Lent, holy week & Easter FAQ's

What is lent?

The days and weeks of Lent call us to keep the focus of our lives of faith on Jesus, our Lord, and to learn more of Him and His loving plan of salvation for us. One of the classic hymn stanzas of the Lutheran church portrays that proper focus in this petition to the Lord:

On my heart imprint Your image,

Blessed Jesus, King of grace,

That life’s riches, cares, and pleasures

Never may Your work erase;

Let the clear inscription be:

Jesus, crucified for me,

Is my life, my hope’s foundation,

And my glory and salvation!

—LSB 422, LW 100, TLH 179

In the early centuries of the Church, the season before Easter was used to teach the faith to people who desired to convert to Christianity and asked to be baptized. The process of catechesis included a time when the candidates for Baptism were questioned about their understanding of what they had been taught regarding the basics of the faith.

In Latin, this sequence of inquiries was called scrutinia, from which our English word “scrutiny” is derived. At certain times during Lent, the greatest treasures of the faith were shared with the candidates for Baptism, including the Creed and the Lord’s Prayer. The Gospel account of the suffering and death of Jesus to pay the penalty for the sins of all mankind was told simply and directly as being of the greatest importance, as it still is.


what does palm sunday mean?

Holy Week begins with Palm Sunday, the victorious and triumphal entrance of Christ into Jerusalem. Zechariah 9:9 makes this prophesy, “Behold, your King is coming to you.” The Church sees this prophecy fulfilled as Jesus enters Jerusalem on a donkey.

what is maundy thursday?

From the time an anguished Abraham had prophesied: “God will provide Himself the Lamb for the offering, my son.” From the time Moses had taught about how the Lamb’s blood would cause death itself to “pass over” and spare those who huddled beneath it. From the time Isaiah foretold a feast on the holy mountain to celebrate death’s doom, a feast of well refined wine and choicest meats. So the day came when John pointed to Jesus and said, “That’s Him, the Lamb of God.”

And now the Lamb is preparing for its slaughter, to be the Passover. Did his eyes leave the Lamb as they carried it in? So His love would lead him to be roasted, spitted upon the tree and His blood poured out to cover the world’s sins. The Lamb had been at the heart of God’s love for the lost race of humanity from the very beginning, and from the beginning, He had longed for this day. He came into the flesh to bring it about. He had foretold something of it when He spoke words that left the crowd puzzled and thinking he was crazy:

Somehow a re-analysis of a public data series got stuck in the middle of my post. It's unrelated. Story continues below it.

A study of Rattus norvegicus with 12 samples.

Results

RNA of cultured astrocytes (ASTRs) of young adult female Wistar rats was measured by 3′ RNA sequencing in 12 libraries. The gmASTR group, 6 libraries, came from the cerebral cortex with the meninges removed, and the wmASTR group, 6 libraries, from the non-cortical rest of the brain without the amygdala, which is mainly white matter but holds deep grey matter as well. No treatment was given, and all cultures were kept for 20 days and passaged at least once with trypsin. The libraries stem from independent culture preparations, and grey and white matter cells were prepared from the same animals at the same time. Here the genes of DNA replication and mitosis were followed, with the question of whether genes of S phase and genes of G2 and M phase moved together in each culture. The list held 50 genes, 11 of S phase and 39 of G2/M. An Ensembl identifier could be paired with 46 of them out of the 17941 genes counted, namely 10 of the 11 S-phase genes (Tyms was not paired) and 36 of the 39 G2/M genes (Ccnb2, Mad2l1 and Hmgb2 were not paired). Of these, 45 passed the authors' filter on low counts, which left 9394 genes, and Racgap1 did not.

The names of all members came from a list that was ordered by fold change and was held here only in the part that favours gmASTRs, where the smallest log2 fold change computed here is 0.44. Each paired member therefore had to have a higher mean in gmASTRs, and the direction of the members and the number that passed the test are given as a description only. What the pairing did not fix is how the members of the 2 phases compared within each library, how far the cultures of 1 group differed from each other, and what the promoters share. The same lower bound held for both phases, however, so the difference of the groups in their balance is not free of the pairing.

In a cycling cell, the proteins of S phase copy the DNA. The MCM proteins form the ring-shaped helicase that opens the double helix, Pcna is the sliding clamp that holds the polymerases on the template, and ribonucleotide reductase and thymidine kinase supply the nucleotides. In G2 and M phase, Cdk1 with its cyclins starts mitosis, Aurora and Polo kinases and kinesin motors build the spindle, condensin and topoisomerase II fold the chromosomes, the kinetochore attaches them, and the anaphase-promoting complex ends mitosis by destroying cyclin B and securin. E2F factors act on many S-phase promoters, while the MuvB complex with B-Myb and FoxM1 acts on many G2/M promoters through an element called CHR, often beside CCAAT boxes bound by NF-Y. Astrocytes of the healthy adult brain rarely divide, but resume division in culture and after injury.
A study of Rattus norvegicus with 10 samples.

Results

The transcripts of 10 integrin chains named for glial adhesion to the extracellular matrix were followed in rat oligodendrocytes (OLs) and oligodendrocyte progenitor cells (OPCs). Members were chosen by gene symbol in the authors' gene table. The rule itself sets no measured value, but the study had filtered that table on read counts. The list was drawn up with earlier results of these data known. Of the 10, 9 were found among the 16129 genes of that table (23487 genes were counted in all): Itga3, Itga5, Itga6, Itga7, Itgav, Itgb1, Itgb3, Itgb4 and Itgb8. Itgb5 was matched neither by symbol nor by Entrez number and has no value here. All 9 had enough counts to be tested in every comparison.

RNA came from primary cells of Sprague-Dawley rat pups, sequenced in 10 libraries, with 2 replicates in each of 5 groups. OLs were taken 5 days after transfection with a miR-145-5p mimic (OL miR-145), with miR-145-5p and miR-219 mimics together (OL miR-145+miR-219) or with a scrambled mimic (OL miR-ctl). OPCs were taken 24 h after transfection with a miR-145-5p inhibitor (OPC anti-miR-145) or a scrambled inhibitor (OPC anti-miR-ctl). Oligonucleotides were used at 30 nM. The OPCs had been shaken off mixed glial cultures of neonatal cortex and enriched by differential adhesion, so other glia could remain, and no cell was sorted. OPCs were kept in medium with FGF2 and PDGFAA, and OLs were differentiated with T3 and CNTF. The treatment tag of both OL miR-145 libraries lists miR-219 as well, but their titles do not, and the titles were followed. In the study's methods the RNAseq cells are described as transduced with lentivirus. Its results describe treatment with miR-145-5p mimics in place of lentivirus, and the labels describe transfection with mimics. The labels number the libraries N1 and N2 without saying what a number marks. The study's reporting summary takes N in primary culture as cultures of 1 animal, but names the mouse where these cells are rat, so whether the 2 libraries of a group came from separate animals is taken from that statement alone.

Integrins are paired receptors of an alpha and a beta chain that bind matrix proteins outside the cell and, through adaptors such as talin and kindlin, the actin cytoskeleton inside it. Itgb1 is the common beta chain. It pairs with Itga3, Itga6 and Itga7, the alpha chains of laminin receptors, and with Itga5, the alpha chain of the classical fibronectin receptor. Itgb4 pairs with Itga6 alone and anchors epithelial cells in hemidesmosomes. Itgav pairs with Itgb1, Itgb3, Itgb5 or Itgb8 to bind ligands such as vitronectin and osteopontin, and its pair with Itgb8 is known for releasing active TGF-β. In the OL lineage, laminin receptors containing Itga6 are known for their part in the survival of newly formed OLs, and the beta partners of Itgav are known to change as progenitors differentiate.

“I am the bread of life. Your fathers ate the manna in the wilderness, and they died. THIS is the bread that comes down from heaven, so that one may eat of it and not die. (John 6: 48-50).

“Truly, truly I say to you, unless you eat the flesh of the Son of Man and drink his blood, you have no life in you. Whoever feeds on my flesh and drinks my blood has eternal life, and I will raise him up on the last day. For my flesh is true food, and my blood is true drink” (John 6:53-55).

And now, at long last, right before His sufferings would commence, He teaches them the gift foreshadowed in the types of the Old Covenant, the gift He foretold them at that earlier Passover on another year: This is my body which is given for you. Do this as my anamnesis, my memorial. This cup which is poured out for you is the new covenant in my blood.


Why is it called "good friday"

On that day of deepest darkness, our God was loving the world, loving you and me and all who fail Him again and again. He was loving us by giving His only Son into that horrid death so that our hate-filled, violent, rebellious race might be pardoned and given a life without end in His kingdom.

Joseph in Genesis, who was hated by his brothers, stripped, betrayed and sold, disowned and forgotten. And why? Precisely so that God could, through Joseph, bring great blessing to those wretched brothers, keeping them alive in famine, providing for their families. “You meant evil against me, but God meant it for good, to bring it about that many people should be kept alive” (Gen. 50:20). So it is with Jesus. Hence the miracle of Good Friday, Holy Saturday and Easter! It’s true that we meant it for evil. But God Himself was at work through it all, reconciling the world to Himself, not counting our sins against us as He made Him who had no sin to be sin for us. And come resurrection morn, He proclaims to all the world that its sins are forgiven, forgotten, gone! The resurrection cries out: “His sacrifice has been accepted — for you and for all. So rejoice!”

Yes, beloved, through the wood of the cross, joy truly has come into all the world: the joy of sins’ forgiveness, death’s defeat, love’s unconquerable triumph. The cross is our God saying: “You can’t make Me hate you! I love you and forgive you in the blood of My precious Son!”

Why do we "celebrate" easter sunday

On Easter Sunday, our Lord Jesus Christ rose from the dead, promising eternal life to all who believe! We celebrate this wonderful good news with our Easter Sunday service.